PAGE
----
Posted 17 February 2011 - 05:05 PM
Another routes that I have been considering is to go on and get an MA in Communications or an MBA and continue doing film work. That way I can have something to fall back on or at least something that can make me money in a down economy. But I fear that those degrees might work against me in some ways. One of my professors, a USC grad, said that there is a bias against people with college degrees in the film industry. I have no idea if that is true.
It is a very difficult decision for me, hopefully you guys can shed some light on my predicament by sharing some of your own experiences with film school.
Posted 02 January 2012 - 01:04 AM
Posted 05 January 2012 - 08:37 AM
Unlicensed L.A. film school must pay fines, refunds
The Los Angeles Feature Film Academy, which operated out of a loft apartment, pledged on its website that students would get a chance to make 'real feature films … that are released worldwide.'
September 09, 2011|By Stuart Pfeifer
A Los Angeles film school has been ordered by a state agency to shut its doors for operating without a license and pay $80,000 in fines and tuition refunds to two former students.
The Los Angeles Feature Film Academy pledged on its website that students would get an opportunity "to train alongside working professionals" and make "real feature films … that are released worldwide." One student complained that instead, she spent tens of thousands of dollars on a program that was run out of the owner's loft apartment on West 5th Street near downtown Los Angeles.
The state's Bureau for Private Post secondary Education ordered in a July 1 letter that the school pay a $50,000 fine for operating without a state permit and that it refund more than $30,000 to the former students.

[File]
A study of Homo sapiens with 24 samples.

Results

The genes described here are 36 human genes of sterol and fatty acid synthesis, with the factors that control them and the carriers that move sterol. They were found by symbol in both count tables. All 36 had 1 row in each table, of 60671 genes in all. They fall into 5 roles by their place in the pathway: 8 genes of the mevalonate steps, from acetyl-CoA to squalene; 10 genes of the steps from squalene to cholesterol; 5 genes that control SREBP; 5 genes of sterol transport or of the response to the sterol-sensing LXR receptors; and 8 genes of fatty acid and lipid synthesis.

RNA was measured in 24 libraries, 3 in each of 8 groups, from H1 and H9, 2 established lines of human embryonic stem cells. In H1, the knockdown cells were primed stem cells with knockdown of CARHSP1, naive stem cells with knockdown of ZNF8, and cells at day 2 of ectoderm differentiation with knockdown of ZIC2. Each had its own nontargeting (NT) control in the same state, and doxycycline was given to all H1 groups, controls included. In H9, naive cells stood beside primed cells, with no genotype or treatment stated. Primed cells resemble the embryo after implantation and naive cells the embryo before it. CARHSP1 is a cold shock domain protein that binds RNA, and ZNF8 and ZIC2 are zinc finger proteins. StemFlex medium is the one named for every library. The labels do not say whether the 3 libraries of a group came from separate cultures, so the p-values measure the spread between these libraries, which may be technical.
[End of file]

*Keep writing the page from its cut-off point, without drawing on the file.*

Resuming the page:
William Wesley, the school's owner, said he was not aware of the requirement and has asked the bureau to reconsider its fine. He said he didn't have the money to cover the fine or restitution.
"We can't pay it. … I have no idea what the bureau is going to do. Put me in jail? I can't afford to pay it," he said.
One of the former students, Ingrid Patzwahl, said she was so impressed with the school's marketing that she traveled from Germany to attend, with hopes of making a feature film that could launch her career. After she arrived in California, she was surprised to see that Wesley operated out of an apartment.
"He set up a table and some chairs for the students, so it looked a little bit like a classroom," Patzwahl said. "He had some professional film equipment. And a big TV. I was shocked, of course, and wondering. But I thought, 'Maybe this is the American way of vocational school.'"
Patzwahl said that she complained to Wesley about the curriculum and that he ultimately responded by suspending her from the school and refusing to refund her money. That led her to complain to the state. Wesley said Patzwahl was disruptive and that's why he told her she was no longer welcome at the classes.
The state agency has ordered Wesley to refund more than $15,000 to Patzwahl.
In an interview, Wesley defended his school's curriculum and acknowledged that he taught classes out of a loft at the Bixel at Fifth apartments.
"It was used at times for classes and then also living there," he said.
Wesley said he considers the fine unfair because he was unaware that he needed a permit from the Bureau for Private Post secondary Education.
"The regulations are really tough for any school, unless they're bringing in a huge amount of money," Wesley said. "We didn't know about it. ... We didn't know they existed."
He said he responded by renaming the school American Feature Film Academy and reducing fees to no more than $2,500 per student, low enough that the school no longer falls under the bureau's authority.